Monday, May 14, 2012

Federal Circuit grants only a small, Galaxy-Tab-specific part of Apple's appeal of denial of preliminary injunction

In early December, Judge Lucy Koh of the United States District Court for the Northern District of California denied, in its entirety, an Apple motion for a preliminary injunction against four Samsung products over four intellectual property rights (three design patents and one software patent). Apple immediately appealed that denial to the Court of Appeals for the Federal Circuit.

Today the CAFC issued its opinion. Apple's appeal succeeded in part, but only to a rather limited extent. A preliminary injunction against the Galaxy Tab 10.1 in the United States based on a design patent (U.S. Patent No. D504,889) is now reasonably likely. That question is remanded to the appeals court, which now has to assume, contrary to its previous assessment, that this design patent is valid, which doesn't necessarily mean that it will issue a preliminary injunction, but makes it fairly likely. However, Samsung will likely be able to work around any such ruling by modifying its design, like it did in Germany, where it launched a modified version named Galaxy Tab 10.1N. That doesn't mean that enforcement is useless: anything that Apple can force Samsung to do to make its products more distinguishable from Apple's products is a good thing for Cupertino. But it's important to understand that this here won't give Apple the leverage it needs to get Samsung to settle the wider dispute on Apple's preferred terms.

The appeals court affirmed Judge Koh's analysis with respect to two iPhone-related design patents and a software patent.

Apple's appeal raised a fundamental issue that would have been far more meaningful than the questio nof whether or not the tablet design patent must be presumed valid. The far more important issue was that Judge Koh said Apple failed to show a "nexus" between the alleged infringements and the irreparable harm it claims to suffer from the presence of those products on the market. I thought Judge Koh was exceedingly demanding on Apple in that respect. If the CAFC had lowered the bar for Apple in this regard, it would now be in a good position to win a preliminary injunction over more than just one intellectual property right -- and, quite importantly, that would also help Apple with a view to its second U.S. preliminary injunction motion against Samsung (filed in February and scheduled to be discussed at a hearing next month). In that motion, Apple already made a lot of effort to show the required nexus -- and based on today's CAFC ruling, that's what Apple will have to do. Also, Apple tries to get mileage out of the fact that Samsung has become the worldwide number one smartphone maker.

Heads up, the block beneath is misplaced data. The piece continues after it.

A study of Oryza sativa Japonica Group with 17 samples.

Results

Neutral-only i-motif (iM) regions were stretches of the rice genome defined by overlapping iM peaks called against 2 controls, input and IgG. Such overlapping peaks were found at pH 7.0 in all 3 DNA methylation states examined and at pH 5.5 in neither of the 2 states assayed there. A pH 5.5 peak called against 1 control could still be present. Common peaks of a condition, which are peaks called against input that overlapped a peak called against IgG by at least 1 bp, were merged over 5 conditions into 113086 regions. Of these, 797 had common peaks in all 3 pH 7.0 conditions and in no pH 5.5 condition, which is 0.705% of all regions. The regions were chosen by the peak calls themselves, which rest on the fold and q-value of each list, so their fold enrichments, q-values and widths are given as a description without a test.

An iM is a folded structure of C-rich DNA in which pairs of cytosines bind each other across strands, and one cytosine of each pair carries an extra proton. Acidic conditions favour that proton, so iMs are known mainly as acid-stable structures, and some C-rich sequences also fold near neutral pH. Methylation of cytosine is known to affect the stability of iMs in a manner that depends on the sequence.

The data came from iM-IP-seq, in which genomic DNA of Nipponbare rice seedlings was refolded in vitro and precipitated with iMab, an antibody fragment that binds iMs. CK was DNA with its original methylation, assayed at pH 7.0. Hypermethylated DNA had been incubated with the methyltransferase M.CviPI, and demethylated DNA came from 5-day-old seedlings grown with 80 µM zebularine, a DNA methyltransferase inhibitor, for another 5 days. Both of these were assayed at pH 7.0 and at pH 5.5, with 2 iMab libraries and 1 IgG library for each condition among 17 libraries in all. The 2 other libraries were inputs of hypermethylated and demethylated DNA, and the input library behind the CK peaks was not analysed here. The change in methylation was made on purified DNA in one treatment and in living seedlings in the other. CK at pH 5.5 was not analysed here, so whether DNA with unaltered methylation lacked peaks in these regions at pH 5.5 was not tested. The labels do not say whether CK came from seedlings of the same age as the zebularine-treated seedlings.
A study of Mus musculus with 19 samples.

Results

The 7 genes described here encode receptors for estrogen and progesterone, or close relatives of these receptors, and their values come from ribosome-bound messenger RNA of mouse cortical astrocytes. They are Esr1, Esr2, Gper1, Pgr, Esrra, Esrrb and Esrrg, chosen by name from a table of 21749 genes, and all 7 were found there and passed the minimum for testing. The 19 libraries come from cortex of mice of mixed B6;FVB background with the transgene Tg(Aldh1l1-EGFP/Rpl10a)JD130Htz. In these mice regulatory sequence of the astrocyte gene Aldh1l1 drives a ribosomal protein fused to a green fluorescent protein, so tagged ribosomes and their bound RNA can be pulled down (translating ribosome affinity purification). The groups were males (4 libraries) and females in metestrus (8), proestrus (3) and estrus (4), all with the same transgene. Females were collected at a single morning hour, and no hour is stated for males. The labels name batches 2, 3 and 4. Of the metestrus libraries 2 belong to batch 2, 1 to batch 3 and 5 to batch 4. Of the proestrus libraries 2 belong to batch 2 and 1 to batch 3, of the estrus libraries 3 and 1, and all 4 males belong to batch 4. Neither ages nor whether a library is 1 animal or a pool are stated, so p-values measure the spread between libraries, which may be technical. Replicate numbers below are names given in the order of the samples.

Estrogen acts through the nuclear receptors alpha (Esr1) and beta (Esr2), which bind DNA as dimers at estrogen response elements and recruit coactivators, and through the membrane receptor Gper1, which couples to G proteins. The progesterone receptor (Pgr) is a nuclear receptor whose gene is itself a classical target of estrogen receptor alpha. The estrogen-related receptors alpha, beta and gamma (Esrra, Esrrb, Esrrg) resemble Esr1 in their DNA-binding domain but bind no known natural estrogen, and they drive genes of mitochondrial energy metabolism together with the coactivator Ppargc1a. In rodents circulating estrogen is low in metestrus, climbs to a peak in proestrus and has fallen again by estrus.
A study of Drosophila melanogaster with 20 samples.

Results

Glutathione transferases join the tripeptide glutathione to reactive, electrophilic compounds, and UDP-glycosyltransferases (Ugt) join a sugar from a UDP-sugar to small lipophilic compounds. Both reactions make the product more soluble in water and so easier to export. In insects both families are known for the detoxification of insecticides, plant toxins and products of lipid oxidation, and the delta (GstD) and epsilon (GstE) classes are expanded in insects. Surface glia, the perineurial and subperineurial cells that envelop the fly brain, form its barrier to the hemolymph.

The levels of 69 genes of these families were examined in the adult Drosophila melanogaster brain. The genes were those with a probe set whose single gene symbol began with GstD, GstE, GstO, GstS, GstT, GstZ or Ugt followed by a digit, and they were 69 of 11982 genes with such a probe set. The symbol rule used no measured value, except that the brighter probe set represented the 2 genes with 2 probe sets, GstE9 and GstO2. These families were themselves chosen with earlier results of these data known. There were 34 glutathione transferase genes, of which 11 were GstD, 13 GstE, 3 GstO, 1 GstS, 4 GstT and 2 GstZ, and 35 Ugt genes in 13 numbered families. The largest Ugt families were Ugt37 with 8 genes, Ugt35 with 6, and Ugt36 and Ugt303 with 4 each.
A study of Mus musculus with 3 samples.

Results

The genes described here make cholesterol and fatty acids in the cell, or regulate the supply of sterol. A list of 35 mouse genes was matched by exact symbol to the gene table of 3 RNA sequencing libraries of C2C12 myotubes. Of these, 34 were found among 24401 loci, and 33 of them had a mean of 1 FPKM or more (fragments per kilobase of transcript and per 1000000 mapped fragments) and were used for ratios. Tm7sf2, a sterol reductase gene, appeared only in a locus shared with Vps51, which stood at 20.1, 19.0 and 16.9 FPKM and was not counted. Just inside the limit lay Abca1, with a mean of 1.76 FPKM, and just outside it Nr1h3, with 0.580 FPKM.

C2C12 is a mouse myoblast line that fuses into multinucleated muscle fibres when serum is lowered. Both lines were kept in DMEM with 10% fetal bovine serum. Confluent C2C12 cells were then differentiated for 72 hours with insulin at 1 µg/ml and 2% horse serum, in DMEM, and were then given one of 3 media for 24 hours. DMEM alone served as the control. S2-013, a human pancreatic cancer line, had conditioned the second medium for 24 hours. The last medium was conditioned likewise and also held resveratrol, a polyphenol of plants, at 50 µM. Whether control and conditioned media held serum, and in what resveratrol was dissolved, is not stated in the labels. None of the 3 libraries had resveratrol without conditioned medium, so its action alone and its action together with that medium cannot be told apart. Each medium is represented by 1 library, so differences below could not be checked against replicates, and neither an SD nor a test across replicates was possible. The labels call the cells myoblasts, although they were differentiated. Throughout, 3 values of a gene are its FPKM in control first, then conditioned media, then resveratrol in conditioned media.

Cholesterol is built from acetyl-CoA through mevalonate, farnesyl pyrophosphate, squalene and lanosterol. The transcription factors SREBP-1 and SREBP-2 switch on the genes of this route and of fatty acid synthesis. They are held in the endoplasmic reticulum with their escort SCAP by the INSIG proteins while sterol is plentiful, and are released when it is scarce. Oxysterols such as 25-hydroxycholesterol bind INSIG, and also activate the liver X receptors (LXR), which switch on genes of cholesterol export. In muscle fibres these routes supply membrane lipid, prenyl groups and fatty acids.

The companies' CEOs and chief lawyers will meet next week in San Francisco for court-moderated settlement talks. Today's CAFC opinion provides both of them with additional information ahead of those talks, but I don't think it puts them closer to a settlement. This is only about a design patent, and it's doubtful whether they will ever really settle design-related claims: companies typically exclude those even from otherwise rather comprehensive cross-license agreements (just like they wouldn't include trademarks in patent cross-license agreements). While Apple's appeal has succeeded in part, this is a victory of rather limited scope and doesn't create any urgency on Samsung's part to settle. I still believe next week's talks will fail to yield a breakthrough.